Friday Wake-Up Call: Facebook Axes a Failed News Feed Experiment. And Twitter Asks For Help


What people are talking about today
Is there "turmoil on Madison Avenue" because of changes afoot in the marketing industry? That's how The Wall Street Journal describes the state of affairs in a headline wrapping up all of yesterday's unsettling advertising news. First, weak financial results from WPP sent the stock plummeting; the company says net sales were down last year, and it predicts this year won't bring any growth. Later in the day, when Procter & Gamble's chief brand officer, Marc Pritchard, spoke at the Association of National Advertisers conference in Orlando, it was a reminder of the shifts in the marketing industry that are hurting players like WPP. As Ad Age's Jack Neff writes, P&G has been streamlining its spending and has pledged to cut $1.2 billion in agency and production fees over five years. Pritchard also said the company has cut spending on big digital players by 20 to 50 percent – even though they made progress on his demands a year ago that they cut out fraud and ensure brand safety.
Also: In case you missed it amid all the other news yesterday, WPP released its gender pay gap report for the UK market; the median gap between men and women is 14.6 percent, which WPP says is better than the national average of 18.4 percent. But in some specific WPP agencies it's much worse (like at J. Walter Thompson, with 44.7 percent.)

Facebook says it's ending an experiment it tried in six countries starting in October. To try to prioritize content from friends and family, it shunted content from brands, businesses and publishers into a second feed called "Explore." But it didn't work. "You gave us our answer: People don't want two separate feeds," Adam Mosseri, Facebook's news feed head, said in a post. "In surveys, people told us they were less satisfied with the posts they were seeing, and having two separate feeds didn't actually help them connect more with friends and family." Facebook says its other recent big changes to the news feed are a better way to prioritize posts from friends. The test in Slovakia, Sri Lanka, Cambodia, Bolivia, Guatemala and Serbia was widely panned and actually "magnified fake news" in those countries, as The New York Times says, based on feedback from independent news outlets from those countries. The Guardian says the test was described as "Orwellian."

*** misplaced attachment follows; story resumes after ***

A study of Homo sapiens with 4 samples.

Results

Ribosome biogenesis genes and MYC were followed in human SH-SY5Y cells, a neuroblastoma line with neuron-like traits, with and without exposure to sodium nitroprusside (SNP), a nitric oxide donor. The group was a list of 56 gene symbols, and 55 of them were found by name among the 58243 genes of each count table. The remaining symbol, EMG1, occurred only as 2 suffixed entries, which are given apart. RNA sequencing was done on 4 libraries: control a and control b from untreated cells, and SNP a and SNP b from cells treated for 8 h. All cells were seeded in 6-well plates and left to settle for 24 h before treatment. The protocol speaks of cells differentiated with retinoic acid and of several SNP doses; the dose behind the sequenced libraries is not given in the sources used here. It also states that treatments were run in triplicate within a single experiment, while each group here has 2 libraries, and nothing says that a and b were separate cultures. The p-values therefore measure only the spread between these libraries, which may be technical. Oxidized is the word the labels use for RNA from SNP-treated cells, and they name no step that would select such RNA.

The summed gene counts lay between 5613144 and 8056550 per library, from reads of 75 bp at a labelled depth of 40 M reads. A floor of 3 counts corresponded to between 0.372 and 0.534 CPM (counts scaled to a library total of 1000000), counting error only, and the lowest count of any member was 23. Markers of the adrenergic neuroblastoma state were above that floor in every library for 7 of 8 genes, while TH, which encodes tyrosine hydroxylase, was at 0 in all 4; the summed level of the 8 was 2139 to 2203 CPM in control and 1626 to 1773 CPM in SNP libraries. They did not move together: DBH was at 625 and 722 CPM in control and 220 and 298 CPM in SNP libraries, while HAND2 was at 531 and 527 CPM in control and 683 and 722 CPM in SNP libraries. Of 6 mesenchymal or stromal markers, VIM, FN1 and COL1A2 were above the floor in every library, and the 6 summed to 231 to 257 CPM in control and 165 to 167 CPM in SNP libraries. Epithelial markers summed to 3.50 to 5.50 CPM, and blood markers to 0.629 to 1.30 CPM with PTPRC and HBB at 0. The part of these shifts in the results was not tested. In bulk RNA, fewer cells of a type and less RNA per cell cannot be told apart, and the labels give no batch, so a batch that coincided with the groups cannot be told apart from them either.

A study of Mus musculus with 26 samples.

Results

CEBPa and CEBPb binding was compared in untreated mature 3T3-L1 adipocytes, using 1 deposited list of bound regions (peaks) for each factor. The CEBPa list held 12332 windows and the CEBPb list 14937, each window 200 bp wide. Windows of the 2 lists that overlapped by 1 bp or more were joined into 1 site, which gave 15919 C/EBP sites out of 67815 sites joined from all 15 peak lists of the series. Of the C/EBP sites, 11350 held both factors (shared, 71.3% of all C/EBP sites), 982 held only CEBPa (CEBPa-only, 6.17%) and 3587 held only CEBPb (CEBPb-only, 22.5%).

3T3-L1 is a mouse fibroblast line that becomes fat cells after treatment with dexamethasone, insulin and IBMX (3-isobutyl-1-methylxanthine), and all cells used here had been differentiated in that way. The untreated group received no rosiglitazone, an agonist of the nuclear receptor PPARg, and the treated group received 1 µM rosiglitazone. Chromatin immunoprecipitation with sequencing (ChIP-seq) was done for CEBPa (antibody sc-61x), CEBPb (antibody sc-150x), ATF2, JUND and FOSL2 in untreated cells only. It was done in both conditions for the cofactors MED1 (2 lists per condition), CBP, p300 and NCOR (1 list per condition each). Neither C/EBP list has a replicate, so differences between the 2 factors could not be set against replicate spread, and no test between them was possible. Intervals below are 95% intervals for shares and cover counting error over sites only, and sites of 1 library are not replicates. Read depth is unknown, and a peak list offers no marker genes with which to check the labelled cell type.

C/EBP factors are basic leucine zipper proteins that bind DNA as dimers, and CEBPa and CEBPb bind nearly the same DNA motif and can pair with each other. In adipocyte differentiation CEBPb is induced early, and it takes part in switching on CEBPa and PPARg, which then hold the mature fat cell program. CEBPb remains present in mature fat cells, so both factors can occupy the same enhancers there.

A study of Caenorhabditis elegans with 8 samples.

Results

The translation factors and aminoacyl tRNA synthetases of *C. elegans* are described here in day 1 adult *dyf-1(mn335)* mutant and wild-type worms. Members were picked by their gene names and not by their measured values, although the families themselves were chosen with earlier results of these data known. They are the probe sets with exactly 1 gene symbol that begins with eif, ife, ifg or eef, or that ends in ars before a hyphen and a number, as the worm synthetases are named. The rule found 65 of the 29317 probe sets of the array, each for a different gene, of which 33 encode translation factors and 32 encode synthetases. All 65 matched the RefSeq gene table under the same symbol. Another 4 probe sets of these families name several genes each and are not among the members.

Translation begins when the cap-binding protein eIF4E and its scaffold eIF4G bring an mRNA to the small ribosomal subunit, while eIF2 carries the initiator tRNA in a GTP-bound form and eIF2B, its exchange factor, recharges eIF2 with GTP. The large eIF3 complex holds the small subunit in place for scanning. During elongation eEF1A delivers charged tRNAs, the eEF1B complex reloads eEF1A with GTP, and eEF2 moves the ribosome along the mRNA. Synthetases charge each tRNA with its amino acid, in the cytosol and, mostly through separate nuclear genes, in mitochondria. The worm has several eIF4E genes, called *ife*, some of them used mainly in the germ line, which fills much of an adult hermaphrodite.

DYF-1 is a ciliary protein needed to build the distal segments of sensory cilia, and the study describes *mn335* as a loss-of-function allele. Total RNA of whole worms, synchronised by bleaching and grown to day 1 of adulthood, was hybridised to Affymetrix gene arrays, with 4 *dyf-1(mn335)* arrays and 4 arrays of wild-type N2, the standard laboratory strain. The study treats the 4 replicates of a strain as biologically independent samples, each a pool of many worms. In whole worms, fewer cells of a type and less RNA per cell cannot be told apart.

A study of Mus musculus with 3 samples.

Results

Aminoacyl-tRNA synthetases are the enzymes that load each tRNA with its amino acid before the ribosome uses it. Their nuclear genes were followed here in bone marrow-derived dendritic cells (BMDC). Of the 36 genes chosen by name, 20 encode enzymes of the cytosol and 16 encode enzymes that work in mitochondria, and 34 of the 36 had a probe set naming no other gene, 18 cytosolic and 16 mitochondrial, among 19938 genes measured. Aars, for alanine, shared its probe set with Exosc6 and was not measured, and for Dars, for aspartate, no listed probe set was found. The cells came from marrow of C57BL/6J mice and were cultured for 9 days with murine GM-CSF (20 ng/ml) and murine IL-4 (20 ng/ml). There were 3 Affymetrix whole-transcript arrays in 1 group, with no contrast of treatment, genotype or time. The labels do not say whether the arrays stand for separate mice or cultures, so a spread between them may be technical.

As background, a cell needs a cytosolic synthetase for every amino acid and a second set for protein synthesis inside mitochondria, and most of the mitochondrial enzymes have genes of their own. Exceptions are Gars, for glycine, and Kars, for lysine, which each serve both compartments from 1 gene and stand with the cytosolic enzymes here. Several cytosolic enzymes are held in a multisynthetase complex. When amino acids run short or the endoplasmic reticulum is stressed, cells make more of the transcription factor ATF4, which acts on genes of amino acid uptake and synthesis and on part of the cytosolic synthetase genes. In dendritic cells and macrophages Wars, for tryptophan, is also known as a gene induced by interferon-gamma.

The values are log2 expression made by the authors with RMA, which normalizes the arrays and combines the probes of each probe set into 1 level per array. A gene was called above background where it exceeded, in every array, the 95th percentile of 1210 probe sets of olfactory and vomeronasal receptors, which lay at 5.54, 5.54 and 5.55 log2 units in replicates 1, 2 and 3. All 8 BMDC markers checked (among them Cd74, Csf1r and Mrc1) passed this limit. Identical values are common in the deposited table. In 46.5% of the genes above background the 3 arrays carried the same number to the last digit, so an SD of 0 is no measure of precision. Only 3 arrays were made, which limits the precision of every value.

Also: Recode points out that Snapchat's redesign does something similar to what Facebook tried: "Can Snapchat make two feeds work when Facebook couldn't?"

The big tech giants are all about soul-searching right now. Yesterday, Twitter CEO Jack Dorsey posted a long Twitter thread that asked experts for help to gauge how healthy/toxic it is. At times, he spoke bluntly about what ails Twitter:

You can check out Twitter's request for proposals here.

Delta just got punished for ending its discounts for NRA members, a decision it made after the school shooting in Parkland, Florida, that killed 17 people. As The Washington Post writes, lawmakers in Georgia made good on a threat from the Republican Lt. Gov. Casey Cagle. Unless Delta backed down, he had promised to kill a $50 million sales tax exemption on jet fuel that benefitted Delta, which is based in Atlanta and is one of Georgia's biggest employers. Since then, New York, Virginia and Birmingham, Alabama have all been trying to lure Delta by showing it some love.

More on marketers and guns: Like Walmart and Dick's Sporting Goods, Kroger now says it won't let shoppers under 21 buy guns, as Ad Age's Adrianne Pasquarelli writes.

Just briefly:
ICYM: The list of Ad Age's Creativity Awards finalists is out, here.

Actually: A few days ago it looked like this deal was off, but an investor group led by Maria Contreras-Sweet now says it will buy most of the assets of The Weinstein Co. film studio, The New York Times says. Meanwhile, a golden statue of disgraced Hollywood producer Harvey Weinstein in a bathrobe has popped up in Hollywood ahead of the Oscars. The Hollywood Reporter writes: "The piece was intentionally crafted to allow passers-by to sit beside Weinstein and take photos with him."

It's over: "The tech platform Oath has canceled a show starring several Instagram stars whose mother is famous conspiracy theorist and Islamophobe Pamela Geller," The Daily Beast reports.

Another Google lawsuit: A recruiter at Google says he was fired because he didn't agree with alleged pressure to bypass white and Asian male candidates to boost hiring of blacks, Hispanics and women, Bloomberg News reports.

Naked Facebook ads: The New York Times delves into the question of whether Facebook cracks down harder on nakedness in ads when the image shows a woman. The headline: "Facebook Lets Ads Bare a Man's Chest. A Woman's Back Is Another Matter."

Farewell: Chipotle is getting out of the burger business for now, as Ad Age's Jessica Wohl writes. It's closing its one burger restaurant, called Tasty Made, in Lancaster, Ohio.

Dispatch from Barcelona: Ad Age editor Brian Braiker runs down four takeaways from the Mobile World Congress (including that VR still has a way to go, as does robotics.)

Creativity pick of the day: March 6 is World Oreo Day, and Adidas is dropping Oreo-colored shoes that day. Coincidence? Check the sneakers out here, and read more by Ad Age's Ann-Christine Diaz.